About a week before Christmas last year, Larry and Lois Kennedy moved into a $120,000 home in Silver Spring's Three Meadows community with the first two of eight mildly retarded persons they hoped to care for in a home-like atmosphere.
Shortly after the new year, while the Kennedys slept, someone rammed the car into their garage and sped away, ominously leaving behind a burning rag. Then, two days later, just about an hour after the Kennedys had turned out their lights and gone to bed, someone fired a shotgun point blank through their front window, splashing glass across the living room and cutting a hole in one wall.
The violence has left not only the Kennedys but many of their neighbours shaken. But those same neighbors, who deny any part in the violence, make clear that they too, are opposed to the locating of a facility for the mildly retarded in the midst of their affluent community.
"I don't have a bias against housing retarded people," said one neighbor, Ruth Rubin, who opposes both the violence and the facility. "But it seems they would be better off in some other neighborhood."
The home, called Jubilee House, has 15 rooms - seven of them bedrooms - and sits on a half-acre plot, according to Larry Kennedy, 34, who has worked for the Lt. Joseph P. Kennedy Institute for the mentally retarded in Northwest Washington.
According to Kennedy, only two mildly retarded individuals, who are employed, now reside in the home. Each pays a monthly fee of about $500 to the Kennedys, who receive no state or federal funding for operating the facility.
"They (the neighbor) didn't understand the kind of people who will be living here," Kennedy said yesterday. "They were wild rumors flying around. They thought there would be people living here who would be dangerous . . . rape children and create havoc in the neighborhood."
But some neighbors such as Rubin say their anger stems more from how the facility came to be in their neighboor in the first place.
THey sneaked it into the neighborhood," said Rubin, who lives about four houses away from the Kennedy residence on Sandy Ridge Road. "Nobody knew about it until the Kennedys were in the house."
Others argue that a facility designed to integrate the mildly retarded into the community as a whole it is poorly located.
"I'm very concerned about the people who are to live in the home." said Elaine Sheehan. "Here , there's no public transportation and there's no way they could walk to a shopping center . . . There's no place on the property for physical or recreational activity and the house just isn't big enough to hold all these people."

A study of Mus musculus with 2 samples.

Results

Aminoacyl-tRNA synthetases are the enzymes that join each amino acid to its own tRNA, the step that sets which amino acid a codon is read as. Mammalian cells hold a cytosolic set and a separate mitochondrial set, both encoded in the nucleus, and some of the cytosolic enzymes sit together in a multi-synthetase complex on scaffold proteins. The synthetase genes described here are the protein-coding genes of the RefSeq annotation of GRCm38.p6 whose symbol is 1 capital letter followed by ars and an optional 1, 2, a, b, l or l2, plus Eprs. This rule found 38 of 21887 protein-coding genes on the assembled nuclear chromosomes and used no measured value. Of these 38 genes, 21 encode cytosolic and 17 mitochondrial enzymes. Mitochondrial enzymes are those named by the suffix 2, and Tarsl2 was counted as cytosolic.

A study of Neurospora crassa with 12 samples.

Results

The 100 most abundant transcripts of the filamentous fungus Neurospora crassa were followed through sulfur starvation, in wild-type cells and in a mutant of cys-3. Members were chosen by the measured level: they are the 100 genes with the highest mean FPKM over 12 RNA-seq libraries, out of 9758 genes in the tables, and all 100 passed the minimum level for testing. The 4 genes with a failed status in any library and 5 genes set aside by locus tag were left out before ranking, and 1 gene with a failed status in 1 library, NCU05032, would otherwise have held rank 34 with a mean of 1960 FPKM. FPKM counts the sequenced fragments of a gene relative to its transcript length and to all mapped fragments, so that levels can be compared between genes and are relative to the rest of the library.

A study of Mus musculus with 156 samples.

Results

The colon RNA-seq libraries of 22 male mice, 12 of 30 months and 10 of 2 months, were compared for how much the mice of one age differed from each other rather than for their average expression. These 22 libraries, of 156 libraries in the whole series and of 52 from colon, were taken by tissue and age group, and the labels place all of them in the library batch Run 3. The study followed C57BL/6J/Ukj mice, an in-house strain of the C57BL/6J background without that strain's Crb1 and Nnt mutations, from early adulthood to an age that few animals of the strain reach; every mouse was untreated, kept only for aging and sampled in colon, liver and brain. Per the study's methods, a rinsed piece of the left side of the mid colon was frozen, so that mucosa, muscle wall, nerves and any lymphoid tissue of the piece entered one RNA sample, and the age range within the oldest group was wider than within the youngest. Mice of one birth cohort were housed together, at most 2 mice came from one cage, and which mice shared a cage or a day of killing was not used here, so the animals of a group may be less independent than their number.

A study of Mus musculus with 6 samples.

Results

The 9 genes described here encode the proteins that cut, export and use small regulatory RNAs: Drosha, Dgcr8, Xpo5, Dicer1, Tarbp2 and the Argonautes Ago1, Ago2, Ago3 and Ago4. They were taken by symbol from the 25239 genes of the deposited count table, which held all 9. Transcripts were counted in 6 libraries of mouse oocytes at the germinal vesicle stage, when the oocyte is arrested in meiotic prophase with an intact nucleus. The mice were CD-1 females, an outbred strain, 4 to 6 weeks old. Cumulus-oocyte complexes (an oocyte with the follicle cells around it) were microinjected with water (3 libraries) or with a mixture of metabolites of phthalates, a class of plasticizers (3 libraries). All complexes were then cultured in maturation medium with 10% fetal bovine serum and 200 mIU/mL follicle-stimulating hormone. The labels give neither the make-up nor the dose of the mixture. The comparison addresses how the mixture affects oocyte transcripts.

At the heart of the neigborhood dispute is opposition to the county ordinance regarding homes for the mentally retarded. In Montgomery, any home used as a facility for the mentally retarded is considered a single family dwelling as long as no more than eight retarded individuals are housed in the facility.
The group homes for the retarded must be licensed by the state and certified by the county, but the citizens are not given a chance to voice their opposition to such a facility in public hearings as they are when group homes for juveniles are proposed.
The Montgomery County Association for Retarded Citizens runs three group homes similar to the Kennedy facility and also shelters retarded individuals in apartments throughout the county. But despite the county's liberal zoning laws in relation to these facilities, there is still shortage of homes and long waiting lists, a spokesman for the association said.
The county does, however, require the individuals opening homes for the retarded to notify neighbor in the immediate vicinity that they plan to move into the community.
Many residents interviewed yesterday said Kennedy had not notified them when he moved into the neighborhood and that they had met him for the first time at a Jan. 6 neighborhood meeting that they had set up with their lawyer and various county officials.
"The community knew we were looking at the house as far back as August," Kennedy said.The home is own by a physician from Potomac.
Police have sworn out a warrant for the arrest of an adult who lives in the community in connection with the arson incident, a police spokesman said yesterday, but no arrest has been made yet.
Meanwhile, Larry Kennedy says he and his wife, who is eight months pregnant, and the home's two residents, live in fear.
Yet despite the attacks on the home and the neighborhood opposition, Kennedy maintained that he bears no ill will towards the community of about 25 homes. He said that about six neighbors have, in fact, come to his home so far to welcome his family.
"We sincerely like being here," he said. "And we see this as opportunity to serve the neighborhood and help the neighbors understand the situation retarded people have.